Thoughts: Go Set A Watchman, by Harper Lee

I’m not going to touch the controversy surrounding the publication of Go Set A Watchman, because all I know is what I’ve read in the papers and I don’t think my opinion is particularly informed.

For the unfamiliar, Go Set A Watchman is a sort of early draft version of To Kill A Mockingbird, set many years after the events detailed in To Kill A Mockingbird. In my opinion, it was revised into To Kill A Mockingbird for good reason. Spoilers below.

Don’t get me wrong, I did generally enjoy Go Set A Watchman. Lee’s descriptions of Maycomb are once again wonderful, her characters are vividly drawn and Jean-Louise’s (only Scout to family now) voice is snarky and dry. The story surrounds Jean-Louise’s homecoming from New York back to her sleepy little hometown, and the way that home both stays the same and changes in painful ways when you’re away (and so do you). So yes, I found that pretty relatable as a theme. It’s also a sort of coming-of-age story, in which Jean-Louise confronts the father she’s idolised all her life. And I get that too, that being away or maybe being who you are and growing up results in ideological rifts between you and family, and those conversations are hard and awful and upsetting, but… It’s complicated, OK?

Firstly, we’re all used to Atticus being the character he evolved into, so seeing this early version of him in which he sort of… infiltrated the KKK? but was also actually racist? is jarring. I mean, is this still canon? Did To Kill A Mockingbird overwrite this timeline or merely omit it? It’s impossible to say, as Harper Lee herself didn’t publish it herself. I found myself veering wildly between thinking I understood Atticus and being totally alienated by him.

Secondly, this draft was written in 1957, and it stands to reason that some things – some mindsets – are going to feel alien, and furthermore, as someone who was born in the 80s, I can’t say with any certainty what would or would not have been edited out*. Which parts are representative of the time and which are individual opinions?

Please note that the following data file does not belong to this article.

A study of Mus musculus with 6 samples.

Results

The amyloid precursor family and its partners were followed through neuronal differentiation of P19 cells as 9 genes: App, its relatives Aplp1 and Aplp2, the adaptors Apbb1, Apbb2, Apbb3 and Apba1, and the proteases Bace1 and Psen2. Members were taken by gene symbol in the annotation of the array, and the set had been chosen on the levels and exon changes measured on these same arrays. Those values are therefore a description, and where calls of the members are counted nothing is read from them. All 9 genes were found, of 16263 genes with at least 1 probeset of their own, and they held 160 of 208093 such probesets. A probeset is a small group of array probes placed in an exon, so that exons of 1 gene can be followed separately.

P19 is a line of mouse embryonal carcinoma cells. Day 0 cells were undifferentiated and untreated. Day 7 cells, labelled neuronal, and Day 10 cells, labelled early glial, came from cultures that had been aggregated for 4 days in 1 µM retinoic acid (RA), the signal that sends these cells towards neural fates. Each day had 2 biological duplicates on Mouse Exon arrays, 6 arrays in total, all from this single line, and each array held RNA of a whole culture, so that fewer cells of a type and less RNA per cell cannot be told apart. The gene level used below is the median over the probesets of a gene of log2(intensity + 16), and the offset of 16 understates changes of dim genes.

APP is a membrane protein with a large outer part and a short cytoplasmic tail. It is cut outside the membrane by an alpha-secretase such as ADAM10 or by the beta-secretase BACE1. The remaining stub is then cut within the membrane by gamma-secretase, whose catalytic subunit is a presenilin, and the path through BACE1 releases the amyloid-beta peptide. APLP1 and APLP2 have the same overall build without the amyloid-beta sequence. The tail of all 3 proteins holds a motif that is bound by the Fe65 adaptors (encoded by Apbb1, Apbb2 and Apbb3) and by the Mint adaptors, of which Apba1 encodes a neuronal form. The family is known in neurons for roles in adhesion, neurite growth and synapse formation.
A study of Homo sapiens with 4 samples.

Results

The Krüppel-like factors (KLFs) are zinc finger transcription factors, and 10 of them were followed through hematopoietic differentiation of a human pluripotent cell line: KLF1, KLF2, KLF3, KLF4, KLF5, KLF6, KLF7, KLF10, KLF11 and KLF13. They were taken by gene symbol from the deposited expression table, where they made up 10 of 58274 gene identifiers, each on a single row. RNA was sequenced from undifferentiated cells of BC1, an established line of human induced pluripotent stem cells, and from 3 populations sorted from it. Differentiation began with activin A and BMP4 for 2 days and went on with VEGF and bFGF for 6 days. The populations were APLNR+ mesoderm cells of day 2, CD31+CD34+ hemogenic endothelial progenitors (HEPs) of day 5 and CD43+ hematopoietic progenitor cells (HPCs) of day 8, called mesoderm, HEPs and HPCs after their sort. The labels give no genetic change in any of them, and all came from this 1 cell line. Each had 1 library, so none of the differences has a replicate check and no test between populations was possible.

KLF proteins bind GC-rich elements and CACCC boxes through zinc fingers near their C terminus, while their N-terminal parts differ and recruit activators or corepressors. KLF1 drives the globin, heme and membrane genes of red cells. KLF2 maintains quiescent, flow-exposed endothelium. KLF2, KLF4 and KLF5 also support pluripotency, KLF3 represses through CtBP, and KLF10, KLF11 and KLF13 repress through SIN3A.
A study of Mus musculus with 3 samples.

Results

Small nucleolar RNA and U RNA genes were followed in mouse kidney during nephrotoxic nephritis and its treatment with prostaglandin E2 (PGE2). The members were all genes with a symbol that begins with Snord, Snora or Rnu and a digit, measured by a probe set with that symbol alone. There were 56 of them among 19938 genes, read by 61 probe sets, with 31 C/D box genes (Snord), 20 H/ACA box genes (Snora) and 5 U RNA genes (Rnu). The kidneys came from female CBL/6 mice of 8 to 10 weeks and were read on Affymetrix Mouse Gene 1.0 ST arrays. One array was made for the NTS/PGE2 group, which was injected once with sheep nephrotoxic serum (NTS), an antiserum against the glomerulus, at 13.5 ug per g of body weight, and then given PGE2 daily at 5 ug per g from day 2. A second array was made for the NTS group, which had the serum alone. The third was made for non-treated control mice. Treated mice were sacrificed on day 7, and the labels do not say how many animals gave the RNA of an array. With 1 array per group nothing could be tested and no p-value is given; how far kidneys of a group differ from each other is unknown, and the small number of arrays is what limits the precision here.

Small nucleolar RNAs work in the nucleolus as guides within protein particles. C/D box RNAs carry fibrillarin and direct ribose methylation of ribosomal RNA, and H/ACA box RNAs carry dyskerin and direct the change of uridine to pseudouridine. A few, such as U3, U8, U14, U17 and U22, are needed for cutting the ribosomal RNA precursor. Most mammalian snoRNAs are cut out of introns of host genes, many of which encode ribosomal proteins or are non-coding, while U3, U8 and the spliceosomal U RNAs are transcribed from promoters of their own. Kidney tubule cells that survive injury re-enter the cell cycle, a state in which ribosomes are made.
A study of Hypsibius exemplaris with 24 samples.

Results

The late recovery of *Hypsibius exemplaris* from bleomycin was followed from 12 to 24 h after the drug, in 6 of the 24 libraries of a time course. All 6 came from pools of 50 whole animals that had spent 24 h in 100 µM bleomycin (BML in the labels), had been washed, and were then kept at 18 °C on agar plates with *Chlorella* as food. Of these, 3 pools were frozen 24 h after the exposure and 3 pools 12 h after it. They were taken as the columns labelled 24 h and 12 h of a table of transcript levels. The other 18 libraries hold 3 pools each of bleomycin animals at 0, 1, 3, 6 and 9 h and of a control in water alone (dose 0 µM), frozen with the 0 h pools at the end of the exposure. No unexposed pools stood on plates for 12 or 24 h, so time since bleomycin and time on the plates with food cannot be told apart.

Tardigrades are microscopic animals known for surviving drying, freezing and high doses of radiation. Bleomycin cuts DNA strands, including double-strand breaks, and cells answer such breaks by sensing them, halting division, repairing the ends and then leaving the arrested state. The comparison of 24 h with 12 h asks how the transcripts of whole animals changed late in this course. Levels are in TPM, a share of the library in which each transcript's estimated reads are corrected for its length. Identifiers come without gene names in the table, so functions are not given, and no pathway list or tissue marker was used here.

Thirdly, Atticus’s social experiments and abstract arguments all concern the lives of actual, systematically powerless people and this was probably normal for some people at the time but it’s really, really… “dated” now. Dated, anathema, you know. Sidenote: Atticus and Jean-Louise’s unquestioned assumptions that black people are less intelligent than white people has come up in my reading before, and this, this is why we must always be aware of how intelligence testing and research can be used politically. Science reporting does not exist in a vacuum.

The events of To Kill A Mockingbird are described in quite brief flashback. A lot of the book is flashback, actually. The juxtaposition between what used to be and what is now is important to the theme, and we get some really great anecdotes from young Scout’s life that didn’t have a place in To Kill A Mockingbird. It’s a nice sort of bonus reel in that sense.

I did have a problem with the climax, which is possibly unfair of me as this seems to be an unedited first draft according to Wikipedia, in that nothing was ever explained. Everything comes to a head – Jean-Louise confronts Atticus about his racism and they have a big argument touching on unexplained Supreme Court judgements and unexplained amendments to the US constitution and as I didn’t know from context what either of these were, huge swathes of that argument – the climax of the book! – made zero sense to me. We don’t get a year, we don’t get a single hint of the contents of either of these things in the text. I know a decent amount of US history (as any anglophone person living in the world does) but I had no idea what these were without looking them up. (This was distracting and annoying in Basti, and just because the US is English speaking doesn’t make it less distracting and annoying, just easier to look up.) This is something that I assume would be fixed/explained more after the editing process. It’s also something that, if the book had been set anywhere other than the US, would have been explained at LEAST in a footnote in an unedited-first-draft-published-after-famous-author’s-death.

The topic of racism was dealt with in an overall weaker way than in To Kill A Mockingbird. With Jean-Louise’s coming of age front and centre, there isn’t much of a space to really deal with it at all except as a plot device. And though Jean-Louise’s coming of age and coming into her own, becoming her own person or however you want to describe it, is well done (if you can ignore “racism as plot device”), it’s not particularly new. The story of To Kill A Mockingbird is frankly more interesting, and has a lot more to say.

*OK, so we do know – the answer is “almost all of it” because this draft became To Kill A Mockingbird. But assuming that the story was kept largely in its current form, we don’t know what a “perfected” version would look like.